Berkeley’s People’s Park and Me — Who Else?

by Steed Dropout
Dec. 27, 2011

As I have tiresomely noted in my bio-tag following numerous people’s park articles in Berkeley Daily Planet, I have lived a half block from world-famous People’s Park for thirty-one years.

Here’s some of the people’s park articles.

I arrived, 1970, in Berkeley, one year after the bloody battle between hundreds of police and students and townies for what has now become sacred grounds in Berkeley — People’s Park. You could say, I was DOA (dead on arrival) because, even then, I was looking for escape.

Supposing myself under surveillance for my activities with the Hawaii Resistance, a late sixties Oahu-based anti-draft, anti-war movement, if not at risk from the U.S. Naval Reserve (inactive), which could have re-called me to duty, I wanted nothing to do with radical politics.

Gawkers and dreamers. Homeless man an on right schemed to claim bricks from felled Sequoia building, across street,but his plan was doomed from the start. The bricks are too polluted to claim. They are now part of a pile still - nearly a month since the big blaze - awaiting Berkeley officials' clearance for removal.
Photo by Ted Friedman.

It soon became apparent, I wanted little to do with anything.


After my wife and daughter and I rented on Carleton Street, close-by Berkeley’s buzzing Telegraph Avenue scene, I soon hooked-up with a dope-dealer, who sold me half a “key” of Columbian Gold, and then camped in his truck outside the pad, saying he had made a mistake.

Thomas Letchworth (real name) didn’t want the dope back, he just wanted to smoke it back. So we hung out most days smoking the dope and playing Chess, while I neglected my domestic duties. My wife, a librarian, scolded me repeatedly.

Seeing this side of her may have led to our break-up, and eventual divorce. Thank god my marvelous daughter even talks to me.

Letchworth and his “old lady,” Barbara taught me hippy ways, even though at, 30, I was too old. The motto: “don’t trust anyone over 30.” I was still being carded!

After the split, I was free to pursue the sixties ethos: “turn-on, tune-in, drop out.”

Amy's Blues - People's Park fallen angel, She said she was Amy Blue, and would out-with U.C. Police's finest, but plunged from the tree in the wee hours, breaking her back. Google people's park fallen angel for the lurid story. Before she fell she gave me a talisman to keep me safe. Photo by Ted Friedman.

I didn’t see much of the park, especially since I perceived it as a vast, abandoned stink-hole, under constant surveillance by police. I wondered why anyone would put themselves under such a dangerous glare. Arrests for marijuana were copious.


I hadn’t yet discovered the Med, but was nuts for the Berkeley Telegraph Repertory Cinema, one flight up from a laundry. It was here, I met, the Rep’s owner, George Pauly, and turned-on a boiling cinema lust, that would get me through my 35 drop-out years.

George, who died in 2007, was nicked by the bullet that killed James Rector as he stood on George’s roof in 1969. I was glad that I had missed all that, but in some Berkeleyans minds, the battle for people’s park was emblazoned forever.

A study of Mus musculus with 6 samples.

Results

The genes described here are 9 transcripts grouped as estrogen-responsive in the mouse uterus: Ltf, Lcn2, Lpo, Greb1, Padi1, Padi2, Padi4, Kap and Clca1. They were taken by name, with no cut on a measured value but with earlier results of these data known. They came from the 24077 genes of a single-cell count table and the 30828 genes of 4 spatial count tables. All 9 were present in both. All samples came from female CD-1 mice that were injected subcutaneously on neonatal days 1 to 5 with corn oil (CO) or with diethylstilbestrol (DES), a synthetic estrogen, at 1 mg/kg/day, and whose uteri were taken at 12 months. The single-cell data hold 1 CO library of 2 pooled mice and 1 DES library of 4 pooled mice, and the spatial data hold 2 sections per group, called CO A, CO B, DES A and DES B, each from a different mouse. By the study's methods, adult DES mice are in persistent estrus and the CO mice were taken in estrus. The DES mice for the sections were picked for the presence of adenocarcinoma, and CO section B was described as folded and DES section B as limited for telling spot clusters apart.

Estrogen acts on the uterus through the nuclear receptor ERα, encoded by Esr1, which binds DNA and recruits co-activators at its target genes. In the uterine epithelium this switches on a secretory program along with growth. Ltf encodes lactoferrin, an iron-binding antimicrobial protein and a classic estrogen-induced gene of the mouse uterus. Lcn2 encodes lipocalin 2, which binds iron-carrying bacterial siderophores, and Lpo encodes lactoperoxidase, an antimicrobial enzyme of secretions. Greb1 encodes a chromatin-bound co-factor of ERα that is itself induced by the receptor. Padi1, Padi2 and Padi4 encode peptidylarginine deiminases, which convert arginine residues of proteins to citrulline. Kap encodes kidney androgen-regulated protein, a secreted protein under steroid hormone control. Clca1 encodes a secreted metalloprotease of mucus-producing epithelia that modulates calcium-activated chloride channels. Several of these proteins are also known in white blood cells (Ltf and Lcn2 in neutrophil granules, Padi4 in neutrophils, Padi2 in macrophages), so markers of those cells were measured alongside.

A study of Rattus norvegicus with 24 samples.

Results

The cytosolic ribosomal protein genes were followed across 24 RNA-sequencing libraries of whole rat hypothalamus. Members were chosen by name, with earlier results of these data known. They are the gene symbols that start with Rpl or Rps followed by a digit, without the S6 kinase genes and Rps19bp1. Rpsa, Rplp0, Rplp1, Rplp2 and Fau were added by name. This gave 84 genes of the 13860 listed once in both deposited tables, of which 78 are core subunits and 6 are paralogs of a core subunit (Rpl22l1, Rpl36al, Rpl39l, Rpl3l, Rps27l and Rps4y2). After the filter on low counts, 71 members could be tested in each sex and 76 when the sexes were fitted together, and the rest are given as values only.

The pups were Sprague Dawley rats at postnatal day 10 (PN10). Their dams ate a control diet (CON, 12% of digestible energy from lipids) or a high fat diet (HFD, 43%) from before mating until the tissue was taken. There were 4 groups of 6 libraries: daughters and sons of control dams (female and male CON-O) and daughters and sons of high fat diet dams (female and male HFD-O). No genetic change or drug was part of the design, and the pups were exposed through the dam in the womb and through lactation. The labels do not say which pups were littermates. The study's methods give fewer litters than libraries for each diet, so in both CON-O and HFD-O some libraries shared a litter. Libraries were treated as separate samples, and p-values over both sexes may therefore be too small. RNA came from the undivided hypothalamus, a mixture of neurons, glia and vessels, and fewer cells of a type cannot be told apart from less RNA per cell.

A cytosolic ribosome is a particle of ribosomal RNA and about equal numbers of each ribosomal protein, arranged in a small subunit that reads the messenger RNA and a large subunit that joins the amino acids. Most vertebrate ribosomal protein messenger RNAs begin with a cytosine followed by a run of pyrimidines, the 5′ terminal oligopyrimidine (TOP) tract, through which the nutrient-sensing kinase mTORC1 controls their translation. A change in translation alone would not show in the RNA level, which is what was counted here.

Since I was ten years from residing so close to the park, I could avoid it. I resided briefly in Berkeley’s upscale (I rented rooms) Northside, where I ran in the nearby hills, and hung out in what is now, the Gourmet Ghetto. People’s Park was not my Berkeley.


Because, I had not yet self-identified with low-lifes, I considered anyone hanging in the park to be low-lifes, dealers, or escaped felons

Funny that on the day before X-mas, I found myself in the park — trying to score. No need to fear the heat, after a recent big dope raid (20 plus dealers cited, reportedly) took the pressure off. A dealer, I have gotten to know, was not there. Because I belong to a “pot club,” on Telegraph, I never buy in the park.

But the club closed for the holidays, and I didn’t get word. Chance for a little research. Ten dollars here, ten dollars there, and I wound up paying thirty for two dime bags. A ten-spot went to the guy, whom I foolishly paid before he delivered. Kids, don’t do this in your parks.

Street tramps on Telegraph. Photo by Ted Friedman.

The dope didn’t work, but I did get background for a piece — “People’s Park’s Dopey Scene.”


Living near some of my most exciting stories changed all that. In the park, I became friends with Hate-Man, homeless for 30 years, a New York Times reporter drop-out, who refuses to come back, even though I begged him to work with me, or on his own, through the Planet.

Still, he has become my journalism confidant and advisor.

I could list my friendship with the university-appointed park co-ordinator, and scores of park low-life’s I’ve grown to love.

Here’s how the whole love-hate thing works. When you become a source or subject for one of my articles, you advance to protected status — resistant to criticism. Kill someone; rape someone; whatever. My response, “hey, they’re good copy! Lay off.”

Check back, as I say more on P.P., and as my angle shifts.

Steed Dropout reports for the Berkeley Daily Planet, under the assumed name of Ted Friedman. He has an upcoming piece entitled, “In Berkeley We’re All Smarter Than Cops,” which chronicles the last gasps of Berkeley’s tiny Occupy band.

Leave a Reply

You must be logged in to post a comment.